When Yashica branched out from assembling clock components to include assembling photographic gear, they started with the PigeonFlex Twin Lens Reflex camera - one that was manufactured for another company, Endō Photographic Supplies. This new capability allowed the company to evolve beyond their more humble beginings. Once the decision was made to produce cameras under their own brand name, they assembled a family of them to span the needs of, and fit within a price range suitable for, an array of eager buyers. They first produced models for their home market, and before long, internationally.
Yashica marketed multiple models concurrently for all the years they sold them, and may have had as many as 6 different TLR models for sale within any given year in multiple countries. Browsing through the November 1968 dealer catalog pages of one of their US distributors, Lenco Photographic Products (PDF - 6MB), you would have found the following lineup and pricing on that year's offerings, and presented along with their matching accessories.
|Yashica MAT-124||w/ case||$120.00|
|Yashica 635||w/ case||$100.00|
|Yashica MAT||w/ case||$100.00|
|Yashica D||w/ case||$77.50|
|Yashica A||w/ case||$49.95|
|Aux. Wide Angle Lens||w/ viewer & case||$29.95|
|Aux. Tele Lens||w/ viewer & case||$29.95|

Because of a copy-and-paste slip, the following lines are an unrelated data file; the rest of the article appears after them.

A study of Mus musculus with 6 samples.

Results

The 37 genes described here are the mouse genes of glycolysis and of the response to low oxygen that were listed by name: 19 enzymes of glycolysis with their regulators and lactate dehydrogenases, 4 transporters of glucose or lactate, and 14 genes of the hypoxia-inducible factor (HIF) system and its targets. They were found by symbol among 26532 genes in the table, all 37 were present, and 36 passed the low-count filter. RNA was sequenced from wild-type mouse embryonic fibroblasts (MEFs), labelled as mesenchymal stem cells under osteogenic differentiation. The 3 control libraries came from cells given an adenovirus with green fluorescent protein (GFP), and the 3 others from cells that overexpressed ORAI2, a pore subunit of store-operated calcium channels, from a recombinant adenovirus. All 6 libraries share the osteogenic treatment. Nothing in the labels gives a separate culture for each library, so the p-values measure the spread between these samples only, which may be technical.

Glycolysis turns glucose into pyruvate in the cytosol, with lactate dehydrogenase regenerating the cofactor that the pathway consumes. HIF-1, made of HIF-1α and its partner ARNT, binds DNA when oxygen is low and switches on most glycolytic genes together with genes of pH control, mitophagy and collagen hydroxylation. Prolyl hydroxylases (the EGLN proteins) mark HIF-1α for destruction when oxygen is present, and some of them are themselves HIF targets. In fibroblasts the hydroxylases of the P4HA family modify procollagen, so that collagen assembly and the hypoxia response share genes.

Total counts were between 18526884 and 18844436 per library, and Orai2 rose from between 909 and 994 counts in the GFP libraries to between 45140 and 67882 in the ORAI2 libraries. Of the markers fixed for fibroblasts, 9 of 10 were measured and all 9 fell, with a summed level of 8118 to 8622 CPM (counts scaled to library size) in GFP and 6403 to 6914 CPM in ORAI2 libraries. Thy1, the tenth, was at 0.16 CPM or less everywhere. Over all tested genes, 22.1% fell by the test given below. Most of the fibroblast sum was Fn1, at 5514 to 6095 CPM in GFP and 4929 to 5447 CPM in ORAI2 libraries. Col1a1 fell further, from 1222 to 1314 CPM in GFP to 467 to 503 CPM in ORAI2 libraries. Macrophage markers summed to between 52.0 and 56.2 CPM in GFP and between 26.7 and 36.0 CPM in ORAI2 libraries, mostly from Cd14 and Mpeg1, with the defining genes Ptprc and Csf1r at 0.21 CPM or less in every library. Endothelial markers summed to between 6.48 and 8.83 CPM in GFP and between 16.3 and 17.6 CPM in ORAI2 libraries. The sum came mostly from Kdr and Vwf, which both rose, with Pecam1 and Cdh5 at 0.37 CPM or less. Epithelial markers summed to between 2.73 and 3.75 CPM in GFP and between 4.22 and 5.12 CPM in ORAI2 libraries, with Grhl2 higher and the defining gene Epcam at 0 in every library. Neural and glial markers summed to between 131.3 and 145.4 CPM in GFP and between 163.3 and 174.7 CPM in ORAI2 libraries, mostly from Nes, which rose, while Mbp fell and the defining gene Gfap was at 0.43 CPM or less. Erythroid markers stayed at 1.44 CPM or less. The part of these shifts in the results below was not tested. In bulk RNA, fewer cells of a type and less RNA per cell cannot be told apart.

There were 37 different TLR's produced by the company through the years, with 36 models being branded and sold under their Yashima, and later, Yashica company name. The entire TLR camera line's production dates started in 1953 when the Yashimaflex was introduced, to their last versions of the Yashica Mat-124B and Mat-124G series they'd introduced in 1971. The popular 124G's were still being produced - and available new from major retail outlets - up until at least 1984 (Google Books), as one of only two remaing TLR's still in active production. The other Twin Lens holdout of the time was the Chinese made Seagull TLR, which had a different feature set and build quality, and aimed at a different market of buyers. The Yashica MAT-124G was finally retired after their last official production run, sometime in 1986. This was well after they and other camera companies had introduced multiple lines of Single Lens Reflex, Rangefinder, and even 'Point-n-Shoot' camera models.
Four years later, the very same 124G's, sold by the very same retailers, were being advertised and sold for around $299.00 on the thriving used market like the Cambridge Camera Exchange ad shown below. Unfortunately for any prospective buyers, that was roughly double their average 'street' selling price of $149.00 when last seen on the shelves years earlier as new products. In 2020 they still command a premium price that can easily exceed the amount of those 1990's prices by a considerable margin, and in multiples of their original selling price.